Review: "Of Mice and Men"
At People's Light and Theatre Company's, director David Bradley keeps John Steinbeck's 1937 classic "Of Mice and Men" stripped to its bare essence, says critic Wendy Rosenfield.
Review: "Of Mice and Men"
By Wendy Rosenfield
FOR THE INQUIRER
Of Mice and Men is so well-known and universally taught in American middle and high schools, you’d think a staged production, such as People’s Light and Theatre Company’s, must go out of its way to distinguish itself. But despite plenty of obvious contemporary parallels, director David Bradley keeps John Steinbeck’s 1937 classic, well, classic, and stripped to its bare essence.
Everyone remembers George and Lennie — that mismatched pair of bindlestiffs looking for farm work, hoping to save up some scratch and “live off the fatta the lan’ ” — but this production takes its time in highlighting the story’s peripheral characters, the men and sole woman on this farm who pass for a community.
We soak in Peter DeLaurier’s energetic guilelessness as old, crippled Candy, whose tenderness toward his spotted, bandaged cur is as much a threat to the men’s fidelity to autonomy as is George’s stewardship of feeble-minded Lennie. Lou Ferguson’s exiled black stablehand Crooks slides from embittered and cruel to gentle and beseeching with hardly a nudge. Bradley encourages Jerry Richardson to spread out as long, lean, taciturn mule skinner Slim, and, in the greatest casting surprise, presents a coiled-up, spring-loaded Chris Faith as the boss’ son, Curley, perpetually thrusting his chin and bouncing on the balls of his feet, ready to hurl the entirety of his small frame at anyone unlucky enough to get caught in his path.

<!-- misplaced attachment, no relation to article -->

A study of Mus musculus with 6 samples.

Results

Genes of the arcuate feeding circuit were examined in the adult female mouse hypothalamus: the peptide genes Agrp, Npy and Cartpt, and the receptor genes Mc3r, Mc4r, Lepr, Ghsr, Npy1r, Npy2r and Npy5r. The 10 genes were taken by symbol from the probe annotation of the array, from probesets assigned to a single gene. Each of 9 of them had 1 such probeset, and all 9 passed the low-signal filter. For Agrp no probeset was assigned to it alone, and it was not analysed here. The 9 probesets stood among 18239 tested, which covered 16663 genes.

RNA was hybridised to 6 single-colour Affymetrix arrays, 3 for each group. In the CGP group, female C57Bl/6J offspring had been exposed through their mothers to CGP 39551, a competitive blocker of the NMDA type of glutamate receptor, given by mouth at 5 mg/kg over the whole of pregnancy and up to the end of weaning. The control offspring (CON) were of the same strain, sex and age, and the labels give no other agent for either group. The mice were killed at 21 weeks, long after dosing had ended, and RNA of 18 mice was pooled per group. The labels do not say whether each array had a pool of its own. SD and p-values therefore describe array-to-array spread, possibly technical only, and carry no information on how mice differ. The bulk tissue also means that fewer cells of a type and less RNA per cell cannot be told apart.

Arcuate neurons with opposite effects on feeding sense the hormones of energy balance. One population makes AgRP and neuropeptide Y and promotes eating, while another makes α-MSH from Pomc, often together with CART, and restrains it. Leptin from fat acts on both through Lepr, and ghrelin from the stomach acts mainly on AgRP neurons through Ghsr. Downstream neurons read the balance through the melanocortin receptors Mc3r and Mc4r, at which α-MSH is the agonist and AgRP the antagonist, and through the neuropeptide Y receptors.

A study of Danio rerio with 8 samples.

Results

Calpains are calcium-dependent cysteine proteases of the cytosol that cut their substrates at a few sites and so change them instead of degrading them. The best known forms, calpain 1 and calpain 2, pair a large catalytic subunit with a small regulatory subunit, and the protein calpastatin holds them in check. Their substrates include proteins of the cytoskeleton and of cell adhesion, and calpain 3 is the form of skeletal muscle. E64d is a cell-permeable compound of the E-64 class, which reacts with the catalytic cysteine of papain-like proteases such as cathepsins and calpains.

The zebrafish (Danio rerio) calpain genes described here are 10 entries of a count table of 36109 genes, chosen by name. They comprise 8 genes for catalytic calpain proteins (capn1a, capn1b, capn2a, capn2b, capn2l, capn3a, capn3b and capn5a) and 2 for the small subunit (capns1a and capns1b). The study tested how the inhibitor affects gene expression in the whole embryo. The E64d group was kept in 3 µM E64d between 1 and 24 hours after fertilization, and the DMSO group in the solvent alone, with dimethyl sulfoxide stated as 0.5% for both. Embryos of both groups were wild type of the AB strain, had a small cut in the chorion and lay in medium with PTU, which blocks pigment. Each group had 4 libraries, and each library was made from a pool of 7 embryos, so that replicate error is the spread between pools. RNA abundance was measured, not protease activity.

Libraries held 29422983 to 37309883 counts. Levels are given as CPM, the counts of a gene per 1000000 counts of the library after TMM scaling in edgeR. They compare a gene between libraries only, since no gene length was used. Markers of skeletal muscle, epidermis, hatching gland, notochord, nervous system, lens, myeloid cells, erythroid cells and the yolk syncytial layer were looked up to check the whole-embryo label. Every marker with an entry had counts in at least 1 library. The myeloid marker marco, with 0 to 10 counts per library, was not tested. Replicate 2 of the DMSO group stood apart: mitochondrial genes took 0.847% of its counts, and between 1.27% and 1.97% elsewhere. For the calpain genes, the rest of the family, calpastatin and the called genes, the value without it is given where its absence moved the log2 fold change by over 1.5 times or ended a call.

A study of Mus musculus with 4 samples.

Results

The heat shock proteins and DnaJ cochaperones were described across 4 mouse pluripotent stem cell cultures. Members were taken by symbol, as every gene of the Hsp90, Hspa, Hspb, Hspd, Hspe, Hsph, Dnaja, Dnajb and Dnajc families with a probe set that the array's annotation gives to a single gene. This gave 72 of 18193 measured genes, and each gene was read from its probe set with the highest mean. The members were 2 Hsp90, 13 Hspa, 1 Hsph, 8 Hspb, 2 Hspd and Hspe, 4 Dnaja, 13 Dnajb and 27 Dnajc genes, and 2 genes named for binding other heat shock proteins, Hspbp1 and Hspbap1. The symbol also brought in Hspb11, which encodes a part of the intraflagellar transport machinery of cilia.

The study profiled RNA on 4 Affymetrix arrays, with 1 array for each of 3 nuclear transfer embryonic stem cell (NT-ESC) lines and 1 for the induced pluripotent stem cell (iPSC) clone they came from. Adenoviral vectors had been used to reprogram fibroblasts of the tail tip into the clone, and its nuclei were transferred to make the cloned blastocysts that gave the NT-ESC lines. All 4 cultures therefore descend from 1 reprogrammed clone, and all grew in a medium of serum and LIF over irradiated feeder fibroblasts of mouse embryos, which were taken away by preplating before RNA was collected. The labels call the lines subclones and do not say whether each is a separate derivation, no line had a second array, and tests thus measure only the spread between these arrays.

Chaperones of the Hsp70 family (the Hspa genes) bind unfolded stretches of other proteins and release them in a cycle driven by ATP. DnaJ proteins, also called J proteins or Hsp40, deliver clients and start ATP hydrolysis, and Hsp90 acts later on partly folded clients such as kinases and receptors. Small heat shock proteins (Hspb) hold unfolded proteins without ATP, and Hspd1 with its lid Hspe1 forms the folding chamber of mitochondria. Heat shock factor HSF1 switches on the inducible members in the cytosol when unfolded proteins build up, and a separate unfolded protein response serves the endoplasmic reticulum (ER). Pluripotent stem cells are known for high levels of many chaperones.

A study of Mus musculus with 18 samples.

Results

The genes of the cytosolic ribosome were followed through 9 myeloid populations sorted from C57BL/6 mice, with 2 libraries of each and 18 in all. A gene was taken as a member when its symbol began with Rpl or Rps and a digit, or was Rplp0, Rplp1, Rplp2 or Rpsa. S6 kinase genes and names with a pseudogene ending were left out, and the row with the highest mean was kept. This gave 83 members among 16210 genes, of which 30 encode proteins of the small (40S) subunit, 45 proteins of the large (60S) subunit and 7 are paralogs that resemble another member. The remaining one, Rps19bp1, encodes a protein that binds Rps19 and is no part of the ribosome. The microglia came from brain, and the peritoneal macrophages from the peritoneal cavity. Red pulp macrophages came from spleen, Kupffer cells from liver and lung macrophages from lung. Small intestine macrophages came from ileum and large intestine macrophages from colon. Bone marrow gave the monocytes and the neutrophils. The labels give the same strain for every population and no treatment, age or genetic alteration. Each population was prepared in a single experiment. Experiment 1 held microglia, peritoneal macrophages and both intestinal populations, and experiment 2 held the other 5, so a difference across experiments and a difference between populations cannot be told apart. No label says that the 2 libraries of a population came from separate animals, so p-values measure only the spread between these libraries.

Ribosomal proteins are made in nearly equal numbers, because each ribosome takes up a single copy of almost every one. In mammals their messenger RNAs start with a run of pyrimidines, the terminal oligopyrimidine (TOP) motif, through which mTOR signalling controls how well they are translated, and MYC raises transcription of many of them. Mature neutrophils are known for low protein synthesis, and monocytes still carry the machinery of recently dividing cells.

Also surprising: Ian and Jessica Bedford, married in real life, play, respectively, Lennie and Curley’s Wife. It’s a real accomplishment that the scene that determines Lennie’s fate is so taut you forget you may also be watching the pantomime of some seriously distressing spousal abuse. And though Pete Pryor’s George ultimately, disappointingly, remains a blank slate, both Bedfords deliver.
Ian, a mountainous figure, has a shaved, sloping head that leads when he walks, his jaw slack and open. He’s always slightly out of control and troubled; there’s a tension-heightening inevitability here that isn’t always present in other productions. Conversely, as costumed by Marla Jurglanis, Jessica appears as a red-heeled, downy-haired, flouncy pink bird, blown off course into this drab world of weatherbeaten men and materials. Her moods, too, are changeable as the wind. She chatters and sneers, pouts and threatens, anything to connect with anyone who hears her, even if they don’t listen.
Wilson Chin’s spare set, a flat expanse of downward-sloping wooden boards, and Christopher Colucci’s Americana-themed sound, with its wistful harmonica, guitar and fiddle interludes, carry home a sense of windswept loneliness. But this production’s most distinguishing feature is its individuals, each one distinct and distinctly alone among his or her fellows.
Through March 25 at People’s Light and Theatre, 39 Conestoga Rd., Malvern. Tickets: $25-$45. Information: 610-644-3500 or www.peopleslight.org.